Asia group endorses India's UN candidacy
UNITED NATIONS: India’s candidacy for a non-permanent seat in the Security Council has been endorsed by all 53 member states of the Asian group in the UN General Assembly.
Nineteen countries including Nepal, Sri Lanka, Afghanistan and Bangladesh spoke in favour of giving India a slot on the Security Council table from the month of January next year at a meeting in New York.
Last month, India’s path to a non-permanent seat got clear after its sole competitor from Asia, Kazakhstan, backed out of the race.
The Indian candidacy already enjoys extensive support among the member-states of the United Nations outside the Asia group as well, according to Indian diplomats.
The Security Council is made up of 15 states — five permanent members who have the Veto power and 15 non-permanent members elected for a two-year term.
To win, India needs two-thirds of the General Assembly vote, which adds up to about 128 counties saying yes to India’s presence in the Security Council.
Even before Kazakhstan dropped out diplomats here say 122 votes were in India’s favour but now that it is the sole runner from Asia, more votes are expected.
Running after more than a decade, India has orchestrated a year-long campaign led by India’s envoy to the United Nations, Hardeep Singh Puri, who has campaigned locally here in New York and at multilateral events at the United Nations.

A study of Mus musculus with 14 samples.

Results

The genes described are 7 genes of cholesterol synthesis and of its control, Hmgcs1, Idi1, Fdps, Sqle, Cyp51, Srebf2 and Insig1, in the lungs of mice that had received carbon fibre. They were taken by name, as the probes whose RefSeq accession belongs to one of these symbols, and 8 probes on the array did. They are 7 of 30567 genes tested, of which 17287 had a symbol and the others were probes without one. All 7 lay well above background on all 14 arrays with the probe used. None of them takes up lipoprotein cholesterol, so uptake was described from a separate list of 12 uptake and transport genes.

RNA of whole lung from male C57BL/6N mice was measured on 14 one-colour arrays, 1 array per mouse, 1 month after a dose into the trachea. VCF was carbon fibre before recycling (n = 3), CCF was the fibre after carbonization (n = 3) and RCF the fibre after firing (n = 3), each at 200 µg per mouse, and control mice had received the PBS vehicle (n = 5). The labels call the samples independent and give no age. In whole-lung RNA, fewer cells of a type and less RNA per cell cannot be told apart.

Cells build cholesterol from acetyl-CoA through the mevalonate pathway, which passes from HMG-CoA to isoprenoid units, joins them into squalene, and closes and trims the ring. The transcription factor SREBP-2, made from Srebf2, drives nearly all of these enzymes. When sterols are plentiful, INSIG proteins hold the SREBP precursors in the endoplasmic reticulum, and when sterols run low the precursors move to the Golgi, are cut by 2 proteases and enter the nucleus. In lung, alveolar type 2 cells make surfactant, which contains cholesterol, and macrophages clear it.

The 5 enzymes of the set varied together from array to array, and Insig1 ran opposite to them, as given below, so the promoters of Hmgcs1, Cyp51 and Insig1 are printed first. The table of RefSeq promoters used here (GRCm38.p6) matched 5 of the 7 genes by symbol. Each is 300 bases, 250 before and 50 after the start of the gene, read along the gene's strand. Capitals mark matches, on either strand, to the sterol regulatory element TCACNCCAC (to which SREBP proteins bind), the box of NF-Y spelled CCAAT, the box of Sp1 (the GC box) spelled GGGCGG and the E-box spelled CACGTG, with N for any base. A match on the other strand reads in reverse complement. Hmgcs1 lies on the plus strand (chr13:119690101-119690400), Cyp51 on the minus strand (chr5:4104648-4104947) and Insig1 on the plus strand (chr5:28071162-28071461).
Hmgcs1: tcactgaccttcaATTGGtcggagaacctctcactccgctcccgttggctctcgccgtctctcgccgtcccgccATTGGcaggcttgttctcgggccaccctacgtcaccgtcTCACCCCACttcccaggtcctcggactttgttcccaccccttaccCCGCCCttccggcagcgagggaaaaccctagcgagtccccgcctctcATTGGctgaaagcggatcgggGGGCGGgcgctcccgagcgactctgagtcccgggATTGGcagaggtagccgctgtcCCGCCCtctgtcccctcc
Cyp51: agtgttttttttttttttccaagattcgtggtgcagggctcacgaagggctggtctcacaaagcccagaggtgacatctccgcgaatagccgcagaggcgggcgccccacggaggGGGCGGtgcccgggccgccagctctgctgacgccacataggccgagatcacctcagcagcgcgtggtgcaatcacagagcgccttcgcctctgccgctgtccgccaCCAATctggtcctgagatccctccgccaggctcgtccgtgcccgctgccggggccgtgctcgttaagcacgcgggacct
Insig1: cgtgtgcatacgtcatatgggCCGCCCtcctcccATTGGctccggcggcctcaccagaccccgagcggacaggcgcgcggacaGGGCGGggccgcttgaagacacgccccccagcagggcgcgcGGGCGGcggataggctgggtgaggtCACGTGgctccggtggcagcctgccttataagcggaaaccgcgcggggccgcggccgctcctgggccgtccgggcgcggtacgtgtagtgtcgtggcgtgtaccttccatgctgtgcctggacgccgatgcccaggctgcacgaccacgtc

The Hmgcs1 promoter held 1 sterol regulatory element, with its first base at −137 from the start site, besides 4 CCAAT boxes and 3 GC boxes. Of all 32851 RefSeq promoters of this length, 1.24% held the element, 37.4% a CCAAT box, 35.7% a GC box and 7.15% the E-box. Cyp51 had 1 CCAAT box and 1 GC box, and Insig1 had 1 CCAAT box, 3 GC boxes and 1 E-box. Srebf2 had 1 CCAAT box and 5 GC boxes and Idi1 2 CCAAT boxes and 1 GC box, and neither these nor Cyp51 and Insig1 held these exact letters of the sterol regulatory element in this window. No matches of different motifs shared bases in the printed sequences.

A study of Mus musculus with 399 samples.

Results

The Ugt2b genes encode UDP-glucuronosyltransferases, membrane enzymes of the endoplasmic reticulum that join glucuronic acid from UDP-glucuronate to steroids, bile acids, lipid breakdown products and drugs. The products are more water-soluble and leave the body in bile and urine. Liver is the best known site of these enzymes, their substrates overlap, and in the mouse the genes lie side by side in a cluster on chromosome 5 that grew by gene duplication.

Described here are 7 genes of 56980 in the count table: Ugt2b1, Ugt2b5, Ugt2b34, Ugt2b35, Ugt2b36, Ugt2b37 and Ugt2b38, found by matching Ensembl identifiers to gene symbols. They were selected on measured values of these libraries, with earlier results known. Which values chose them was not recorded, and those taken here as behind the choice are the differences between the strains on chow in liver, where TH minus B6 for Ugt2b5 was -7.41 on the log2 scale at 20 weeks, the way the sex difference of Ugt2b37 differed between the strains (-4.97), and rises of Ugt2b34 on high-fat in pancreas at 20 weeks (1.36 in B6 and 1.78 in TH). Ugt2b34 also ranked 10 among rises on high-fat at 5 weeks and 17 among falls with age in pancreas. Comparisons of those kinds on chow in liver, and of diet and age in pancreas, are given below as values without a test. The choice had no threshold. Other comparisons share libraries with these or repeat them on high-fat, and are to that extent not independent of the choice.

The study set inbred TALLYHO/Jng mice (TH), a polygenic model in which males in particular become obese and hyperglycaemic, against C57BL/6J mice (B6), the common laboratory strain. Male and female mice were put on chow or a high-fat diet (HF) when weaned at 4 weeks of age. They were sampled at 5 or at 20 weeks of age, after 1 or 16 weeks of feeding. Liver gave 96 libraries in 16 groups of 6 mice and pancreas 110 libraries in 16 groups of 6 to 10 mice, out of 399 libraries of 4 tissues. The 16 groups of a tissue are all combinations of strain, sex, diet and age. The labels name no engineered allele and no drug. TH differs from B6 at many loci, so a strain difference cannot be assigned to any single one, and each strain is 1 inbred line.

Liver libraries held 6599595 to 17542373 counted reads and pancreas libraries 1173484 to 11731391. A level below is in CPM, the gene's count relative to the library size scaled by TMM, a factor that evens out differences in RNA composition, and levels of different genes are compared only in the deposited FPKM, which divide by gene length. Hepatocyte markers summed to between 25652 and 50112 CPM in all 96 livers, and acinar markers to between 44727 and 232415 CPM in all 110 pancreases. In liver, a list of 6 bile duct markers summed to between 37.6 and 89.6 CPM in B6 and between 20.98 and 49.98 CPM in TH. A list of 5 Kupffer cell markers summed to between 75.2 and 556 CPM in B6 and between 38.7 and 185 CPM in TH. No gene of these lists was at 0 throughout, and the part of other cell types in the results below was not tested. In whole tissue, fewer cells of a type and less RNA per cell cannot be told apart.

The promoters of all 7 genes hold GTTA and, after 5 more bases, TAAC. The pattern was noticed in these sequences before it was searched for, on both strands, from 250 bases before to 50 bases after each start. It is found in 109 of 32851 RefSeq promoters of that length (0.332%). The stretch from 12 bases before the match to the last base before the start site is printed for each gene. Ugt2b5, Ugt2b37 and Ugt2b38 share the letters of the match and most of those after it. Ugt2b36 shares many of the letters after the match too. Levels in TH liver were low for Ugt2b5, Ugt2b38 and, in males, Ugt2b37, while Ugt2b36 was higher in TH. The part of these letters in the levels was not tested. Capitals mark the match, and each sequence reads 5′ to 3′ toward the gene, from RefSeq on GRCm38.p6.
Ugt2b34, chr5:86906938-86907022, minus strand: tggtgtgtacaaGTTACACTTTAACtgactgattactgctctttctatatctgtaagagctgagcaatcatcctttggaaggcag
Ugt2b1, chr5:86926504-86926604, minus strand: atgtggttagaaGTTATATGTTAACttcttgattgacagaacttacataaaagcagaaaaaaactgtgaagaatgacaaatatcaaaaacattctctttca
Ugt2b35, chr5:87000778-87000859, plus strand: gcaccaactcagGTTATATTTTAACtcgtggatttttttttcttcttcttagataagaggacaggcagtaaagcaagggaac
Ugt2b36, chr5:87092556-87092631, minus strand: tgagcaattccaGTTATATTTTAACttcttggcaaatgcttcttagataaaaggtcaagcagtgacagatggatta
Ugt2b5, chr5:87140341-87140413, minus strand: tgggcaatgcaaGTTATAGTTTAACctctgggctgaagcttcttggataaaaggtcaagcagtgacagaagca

The last time India had a seat at the Council was in 1992.
In 1996, Japan won with India trailing behind with approximately 40 votes.
Last year, the General Assembly elected Bosnia and Herzegovina, Brazil, Gabon, Lebanon and Nigeria to serve as non-permanent members of the Security Council for two-year terms starting January 2010.
However, the non-permanent UN seat for India isn’t confirmed yet and a late entry, in the coming months, can also split the vote.
The voting for the term starting in 2011 will happen in October this year.
Meanwhile, the Africa group endorsed the candidacy of South Africa.
At the same time, India continues to push for a comprehensive Security Council reform including expansion of both the permanent and non-permanent category.